N.D. bill seeks to ban Internet hunting

BISMARCK—North Dakota may soon join other states in banning hunting through the Internet.

Senate Bill 2352 would ban hunting wildlife in real time using Internet services to remotely control firearms and discharge live ammunition, thus allowing someone not physically present to kill wildlife.

The bill also bans hosting an Internet hunt, enabling someone else to hunt through the Internet, and importing, exporting or possessing wildlife that’s been killed by an Internet hunt.

A violation of the proposed law would be a Class C felony.

Sen. Dave Oehlke, R-Devils Lake, said a constituent proposed the bill after learning about Internet hunting occurring in another state.

People pay big money to do Internet hunting, which is similar to playing a Wii game, Oehlke said.

“But it’s no game. And this type of activity, frankly Mr. Chairman, in my perspective, is enough to make a billy goat puke,” he said.

The North Dakota Wildlife Federation and the North Dakota Game and Fish Department also supported the bill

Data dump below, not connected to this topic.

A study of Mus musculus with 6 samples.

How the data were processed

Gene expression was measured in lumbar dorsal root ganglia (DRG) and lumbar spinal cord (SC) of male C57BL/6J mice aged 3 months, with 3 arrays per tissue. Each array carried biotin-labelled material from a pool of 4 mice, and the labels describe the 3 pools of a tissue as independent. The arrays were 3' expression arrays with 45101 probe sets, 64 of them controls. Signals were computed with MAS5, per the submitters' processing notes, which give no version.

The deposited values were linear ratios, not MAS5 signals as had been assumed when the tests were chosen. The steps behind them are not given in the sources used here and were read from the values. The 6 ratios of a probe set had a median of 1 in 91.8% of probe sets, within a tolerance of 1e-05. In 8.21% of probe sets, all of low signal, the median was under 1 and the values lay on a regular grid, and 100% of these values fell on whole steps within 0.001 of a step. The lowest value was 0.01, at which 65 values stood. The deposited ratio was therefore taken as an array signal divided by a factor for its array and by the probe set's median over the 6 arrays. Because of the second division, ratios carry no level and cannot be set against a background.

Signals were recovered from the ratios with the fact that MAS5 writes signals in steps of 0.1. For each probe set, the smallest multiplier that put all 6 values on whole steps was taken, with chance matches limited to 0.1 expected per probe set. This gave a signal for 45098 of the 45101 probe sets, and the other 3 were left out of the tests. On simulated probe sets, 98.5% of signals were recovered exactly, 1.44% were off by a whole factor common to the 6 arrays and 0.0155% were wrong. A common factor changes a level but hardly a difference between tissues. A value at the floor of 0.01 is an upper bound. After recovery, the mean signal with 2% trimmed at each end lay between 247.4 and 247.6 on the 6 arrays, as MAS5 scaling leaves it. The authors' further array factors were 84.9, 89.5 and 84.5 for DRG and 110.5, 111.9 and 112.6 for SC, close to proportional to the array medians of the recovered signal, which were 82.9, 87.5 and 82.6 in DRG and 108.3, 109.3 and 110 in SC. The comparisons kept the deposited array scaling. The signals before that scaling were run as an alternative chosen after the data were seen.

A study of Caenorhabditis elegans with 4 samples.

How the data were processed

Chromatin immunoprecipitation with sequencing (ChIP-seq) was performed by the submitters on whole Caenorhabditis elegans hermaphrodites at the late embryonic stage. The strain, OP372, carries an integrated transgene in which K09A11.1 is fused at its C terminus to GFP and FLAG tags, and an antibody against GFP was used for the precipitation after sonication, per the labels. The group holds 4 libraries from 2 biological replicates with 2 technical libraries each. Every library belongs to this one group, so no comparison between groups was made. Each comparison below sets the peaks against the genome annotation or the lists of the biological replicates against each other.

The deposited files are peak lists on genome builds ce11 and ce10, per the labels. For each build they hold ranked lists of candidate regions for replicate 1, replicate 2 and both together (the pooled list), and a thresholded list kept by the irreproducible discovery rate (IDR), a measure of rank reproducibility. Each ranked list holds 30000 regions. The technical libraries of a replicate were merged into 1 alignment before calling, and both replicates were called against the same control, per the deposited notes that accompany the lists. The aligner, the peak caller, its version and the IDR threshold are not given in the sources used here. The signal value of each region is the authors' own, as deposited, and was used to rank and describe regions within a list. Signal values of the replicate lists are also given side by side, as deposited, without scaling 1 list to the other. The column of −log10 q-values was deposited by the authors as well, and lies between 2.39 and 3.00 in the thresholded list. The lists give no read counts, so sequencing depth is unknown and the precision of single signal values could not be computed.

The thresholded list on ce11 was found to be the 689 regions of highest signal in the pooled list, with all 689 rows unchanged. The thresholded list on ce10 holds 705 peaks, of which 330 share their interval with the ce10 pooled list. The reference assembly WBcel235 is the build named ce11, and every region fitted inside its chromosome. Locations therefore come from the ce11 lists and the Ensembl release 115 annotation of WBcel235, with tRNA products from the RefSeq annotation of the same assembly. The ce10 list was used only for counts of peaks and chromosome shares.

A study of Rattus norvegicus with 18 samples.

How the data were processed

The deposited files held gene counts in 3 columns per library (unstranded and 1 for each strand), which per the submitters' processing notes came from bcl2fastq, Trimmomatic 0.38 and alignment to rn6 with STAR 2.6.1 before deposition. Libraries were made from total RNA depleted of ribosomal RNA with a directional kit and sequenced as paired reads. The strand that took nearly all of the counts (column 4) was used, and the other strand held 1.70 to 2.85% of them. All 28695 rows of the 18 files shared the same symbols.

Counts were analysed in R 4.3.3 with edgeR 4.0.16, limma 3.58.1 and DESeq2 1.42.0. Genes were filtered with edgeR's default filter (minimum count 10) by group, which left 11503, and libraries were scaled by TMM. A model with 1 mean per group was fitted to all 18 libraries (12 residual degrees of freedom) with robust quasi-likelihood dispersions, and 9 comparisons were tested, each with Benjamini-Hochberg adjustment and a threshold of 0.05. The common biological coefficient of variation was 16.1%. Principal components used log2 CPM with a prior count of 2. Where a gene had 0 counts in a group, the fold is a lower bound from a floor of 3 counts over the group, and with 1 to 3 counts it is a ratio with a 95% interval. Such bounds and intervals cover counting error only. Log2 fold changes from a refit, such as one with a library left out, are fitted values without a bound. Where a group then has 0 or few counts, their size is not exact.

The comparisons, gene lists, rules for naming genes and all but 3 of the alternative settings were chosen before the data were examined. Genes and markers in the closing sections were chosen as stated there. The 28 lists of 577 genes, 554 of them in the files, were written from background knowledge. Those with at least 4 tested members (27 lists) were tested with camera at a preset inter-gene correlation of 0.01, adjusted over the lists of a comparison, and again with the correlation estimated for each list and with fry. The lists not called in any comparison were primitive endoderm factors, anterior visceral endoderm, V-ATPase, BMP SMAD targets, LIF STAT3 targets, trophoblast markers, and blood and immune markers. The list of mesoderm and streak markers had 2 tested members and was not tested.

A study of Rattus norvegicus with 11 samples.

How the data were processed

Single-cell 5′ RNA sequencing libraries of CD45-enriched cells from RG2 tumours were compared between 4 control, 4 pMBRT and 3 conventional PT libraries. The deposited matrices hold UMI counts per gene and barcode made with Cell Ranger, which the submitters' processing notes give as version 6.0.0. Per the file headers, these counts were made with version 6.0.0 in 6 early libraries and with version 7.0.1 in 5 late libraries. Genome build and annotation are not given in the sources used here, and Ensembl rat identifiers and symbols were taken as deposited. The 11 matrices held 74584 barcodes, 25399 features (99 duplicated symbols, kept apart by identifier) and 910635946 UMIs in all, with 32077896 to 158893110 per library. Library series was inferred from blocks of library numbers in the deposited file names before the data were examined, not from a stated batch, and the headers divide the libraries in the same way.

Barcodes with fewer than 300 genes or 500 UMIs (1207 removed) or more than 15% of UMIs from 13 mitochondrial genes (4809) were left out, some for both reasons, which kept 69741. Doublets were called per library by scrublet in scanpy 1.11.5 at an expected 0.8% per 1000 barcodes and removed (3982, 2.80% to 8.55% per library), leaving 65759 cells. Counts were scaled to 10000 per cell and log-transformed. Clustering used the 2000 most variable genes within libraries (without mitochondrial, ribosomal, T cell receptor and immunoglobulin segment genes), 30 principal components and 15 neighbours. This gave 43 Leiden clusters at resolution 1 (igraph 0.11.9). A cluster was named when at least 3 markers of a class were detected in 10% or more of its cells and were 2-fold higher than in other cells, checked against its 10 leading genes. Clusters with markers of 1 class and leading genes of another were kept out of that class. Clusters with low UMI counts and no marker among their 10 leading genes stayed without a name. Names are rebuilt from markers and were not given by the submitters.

Paul Schadewald of Game and Fish said they aren’t aware of instances of Internet hunting in the state now.

Foster Ray Hager, a lobbyist for the Cass County Wildlife Club, said they support the bill because Internet hunting could reach North Dakota.

“We just feel that pushing a button on a computer to kill an animal somewhere in some other state is not really considered hunting as far as North Dakota sportsmen’s go,” he said.

No one opposed the bill. The Senate Natural Resources Committee did not take immediate action.

One thought on “N.D. bill seeks to ban Internet hunting

  1. Foster Hager’s statement wreaks with irony. I’ll try to stay on topic, Teri, but I couldn’t help but think of Global Hawk programs and the like when reading the following, “We just feel that pushing a button on a computer to kill an animal somewhere in some other state is not really considered hunting as far as North Dakota sportsmen’s go”. Sadly, we’re killing civilians in other states (countries in this sense) with UAV’s more than ever before in this country’s history. So if internet hunting is unethical, flying UAV missions with hellfire missiles is dehumanizing.

    But speaking directly to internet hunting, I’d like to know more about specific reasons why this should be opposed. I’m sure it goes against everything in an outdoorsman’s blood. And one could use the handicapped exception to the rule to make an argument for it. But it’s not that different than shopping at Walmart and buying meat from a butcher. The hinge word is hunting. Call it something else, and it wouldn’t bother anyone. “High Fenced Hunting” “Internet Hunting”, very similar.